The leaders of Sudan and South Sudan are to meet to address disputes that brought them close to war following the South’s independence in 2011.
President Omar al-Bashir of Sudan and Salva Kiir of South Sudan are set to discuss speeding up the implementation of a deal reached last September.
The talks in the Ethiopian capital, Addis Ababa, follow reports of renewed clashes on the disputed border.
Tensions over oil and security brought them to the brink of war last April.
Western governments have urged both sides immediately to withdraw their forces from what is intended to be a demilitarised border zone.
In September, the two men agreed to set up a demilitarised buffer zone, but some parts of the deal – such as resolving an ongoing dispute over oil – have yet to be implemented.
One of the most critical issues has been the halt in oil production in the land-locked South due to a disagreement over pipeline fees, says BBC world affairs correspondent Peter Biles.
The oil is exported northwards to Sudan where it can be refined. But since the shutdown of operations, neither country has been able to reap any economic benefit from the oil.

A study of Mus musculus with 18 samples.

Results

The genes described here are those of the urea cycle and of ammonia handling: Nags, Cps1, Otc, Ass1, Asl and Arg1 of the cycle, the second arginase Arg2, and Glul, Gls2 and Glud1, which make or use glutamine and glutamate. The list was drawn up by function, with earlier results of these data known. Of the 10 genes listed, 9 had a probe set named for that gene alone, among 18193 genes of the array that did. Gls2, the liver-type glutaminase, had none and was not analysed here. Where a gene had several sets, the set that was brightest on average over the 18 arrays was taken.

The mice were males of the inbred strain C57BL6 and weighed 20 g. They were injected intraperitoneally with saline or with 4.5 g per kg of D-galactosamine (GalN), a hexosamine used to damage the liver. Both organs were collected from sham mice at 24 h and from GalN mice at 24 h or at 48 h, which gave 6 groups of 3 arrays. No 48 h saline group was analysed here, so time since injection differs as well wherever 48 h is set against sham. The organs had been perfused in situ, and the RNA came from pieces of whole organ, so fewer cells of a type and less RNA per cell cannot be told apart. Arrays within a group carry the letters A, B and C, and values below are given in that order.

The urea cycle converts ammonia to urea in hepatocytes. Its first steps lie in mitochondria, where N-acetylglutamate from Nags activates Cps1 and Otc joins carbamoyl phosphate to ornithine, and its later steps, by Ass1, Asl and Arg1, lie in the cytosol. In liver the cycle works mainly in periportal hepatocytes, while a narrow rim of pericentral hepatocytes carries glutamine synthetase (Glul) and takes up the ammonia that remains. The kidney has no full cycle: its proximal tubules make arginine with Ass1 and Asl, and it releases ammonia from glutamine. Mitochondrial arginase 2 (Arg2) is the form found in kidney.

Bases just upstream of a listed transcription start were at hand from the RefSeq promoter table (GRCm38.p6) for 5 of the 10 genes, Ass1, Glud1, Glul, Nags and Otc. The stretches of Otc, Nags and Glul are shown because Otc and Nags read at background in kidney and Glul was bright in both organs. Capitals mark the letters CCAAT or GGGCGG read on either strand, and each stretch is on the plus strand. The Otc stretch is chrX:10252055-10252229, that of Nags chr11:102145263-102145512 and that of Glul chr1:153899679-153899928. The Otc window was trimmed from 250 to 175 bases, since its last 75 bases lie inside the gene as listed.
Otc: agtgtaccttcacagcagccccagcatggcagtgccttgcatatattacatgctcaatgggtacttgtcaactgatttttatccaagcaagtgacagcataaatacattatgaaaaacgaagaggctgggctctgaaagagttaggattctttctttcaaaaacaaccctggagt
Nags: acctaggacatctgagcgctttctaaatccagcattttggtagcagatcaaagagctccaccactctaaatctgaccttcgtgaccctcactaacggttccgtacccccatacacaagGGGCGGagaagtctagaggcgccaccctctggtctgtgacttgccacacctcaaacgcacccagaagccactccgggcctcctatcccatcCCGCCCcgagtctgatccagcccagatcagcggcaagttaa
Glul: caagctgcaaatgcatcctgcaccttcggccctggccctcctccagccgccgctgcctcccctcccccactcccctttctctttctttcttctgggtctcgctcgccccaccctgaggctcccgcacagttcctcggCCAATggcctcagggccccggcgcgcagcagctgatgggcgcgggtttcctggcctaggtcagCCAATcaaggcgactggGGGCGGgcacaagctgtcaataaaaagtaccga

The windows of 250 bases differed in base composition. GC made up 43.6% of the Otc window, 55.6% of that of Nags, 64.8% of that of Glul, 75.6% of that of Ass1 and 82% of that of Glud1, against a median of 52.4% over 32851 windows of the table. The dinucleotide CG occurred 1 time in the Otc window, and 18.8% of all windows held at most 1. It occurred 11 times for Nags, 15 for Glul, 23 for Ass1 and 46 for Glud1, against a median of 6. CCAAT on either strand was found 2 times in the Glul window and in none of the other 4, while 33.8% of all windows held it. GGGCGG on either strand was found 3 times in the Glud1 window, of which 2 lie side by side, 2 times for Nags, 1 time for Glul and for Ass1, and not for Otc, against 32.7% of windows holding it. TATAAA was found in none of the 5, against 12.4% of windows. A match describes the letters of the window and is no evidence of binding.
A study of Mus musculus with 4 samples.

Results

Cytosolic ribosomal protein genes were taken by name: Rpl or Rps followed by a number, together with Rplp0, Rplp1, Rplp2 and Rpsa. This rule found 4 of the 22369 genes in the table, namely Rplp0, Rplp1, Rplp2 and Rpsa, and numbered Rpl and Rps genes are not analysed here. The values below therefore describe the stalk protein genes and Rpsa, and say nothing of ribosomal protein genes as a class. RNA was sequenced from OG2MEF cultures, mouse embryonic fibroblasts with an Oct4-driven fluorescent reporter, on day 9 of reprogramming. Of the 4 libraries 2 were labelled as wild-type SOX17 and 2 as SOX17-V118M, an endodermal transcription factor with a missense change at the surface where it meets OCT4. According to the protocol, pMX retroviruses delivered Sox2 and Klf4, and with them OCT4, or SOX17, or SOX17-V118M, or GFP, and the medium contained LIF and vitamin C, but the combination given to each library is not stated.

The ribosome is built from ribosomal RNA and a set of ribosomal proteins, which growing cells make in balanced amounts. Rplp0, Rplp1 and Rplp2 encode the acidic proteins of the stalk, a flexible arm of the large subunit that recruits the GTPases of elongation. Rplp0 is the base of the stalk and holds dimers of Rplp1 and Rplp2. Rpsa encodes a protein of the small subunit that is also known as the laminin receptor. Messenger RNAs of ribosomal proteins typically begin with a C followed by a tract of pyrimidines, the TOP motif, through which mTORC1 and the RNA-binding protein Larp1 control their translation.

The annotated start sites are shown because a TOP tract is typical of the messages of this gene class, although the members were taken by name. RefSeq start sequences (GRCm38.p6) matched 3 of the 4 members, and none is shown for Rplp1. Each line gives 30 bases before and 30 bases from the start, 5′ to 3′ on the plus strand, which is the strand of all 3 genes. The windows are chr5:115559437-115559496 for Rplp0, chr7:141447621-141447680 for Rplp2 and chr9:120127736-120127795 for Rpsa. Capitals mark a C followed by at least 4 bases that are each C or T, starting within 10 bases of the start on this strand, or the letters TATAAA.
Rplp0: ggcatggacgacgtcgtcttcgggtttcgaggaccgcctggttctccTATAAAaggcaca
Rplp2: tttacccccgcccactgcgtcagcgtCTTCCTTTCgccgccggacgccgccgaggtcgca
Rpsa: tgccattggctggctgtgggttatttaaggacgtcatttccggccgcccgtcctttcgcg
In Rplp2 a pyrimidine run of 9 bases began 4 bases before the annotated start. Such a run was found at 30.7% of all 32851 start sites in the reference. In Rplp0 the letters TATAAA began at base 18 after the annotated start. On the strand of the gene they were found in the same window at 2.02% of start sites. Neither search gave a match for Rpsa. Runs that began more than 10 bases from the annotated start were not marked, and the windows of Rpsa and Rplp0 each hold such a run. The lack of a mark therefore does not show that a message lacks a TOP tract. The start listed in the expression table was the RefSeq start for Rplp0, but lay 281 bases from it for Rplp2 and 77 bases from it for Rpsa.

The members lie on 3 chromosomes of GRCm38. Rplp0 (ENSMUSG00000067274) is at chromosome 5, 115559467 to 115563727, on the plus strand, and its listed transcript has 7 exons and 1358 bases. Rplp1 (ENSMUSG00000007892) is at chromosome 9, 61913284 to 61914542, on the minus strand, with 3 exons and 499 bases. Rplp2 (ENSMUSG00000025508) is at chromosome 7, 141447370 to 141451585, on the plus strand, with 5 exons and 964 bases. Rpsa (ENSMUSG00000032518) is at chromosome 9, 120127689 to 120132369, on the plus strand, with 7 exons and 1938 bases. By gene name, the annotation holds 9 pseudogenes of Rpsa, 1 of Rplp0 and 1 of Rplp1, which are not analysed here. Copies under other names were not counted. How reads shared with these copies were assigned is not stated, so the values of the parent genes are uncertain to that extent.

At the September meeting, South Sudan agreed to resume the production of oil but this has not yet happened.
Another point of contention is the flashpoint region of Abyei, which is claimed by both sides. It lies on their border and is inhabited both by nomadic herdsmen who are loyal to Sudan and other groups who are closely linked to the South.
South Sudan, where people chiefly follow the Christian faith or traditional indigenous religions, gained independence in 2011 after more than two decades of civil war with the mainly Muslim north.
Both sides also accuse the other of supporting rebel groups on its territory.
The latest accusation by South Sudan that the authorities in Khartoum have launched fresh ground and air attacks in Western Bahr el-Ghazal will do little to calm the atmosphere as the two presidents prepare to meet, adds our correspondent.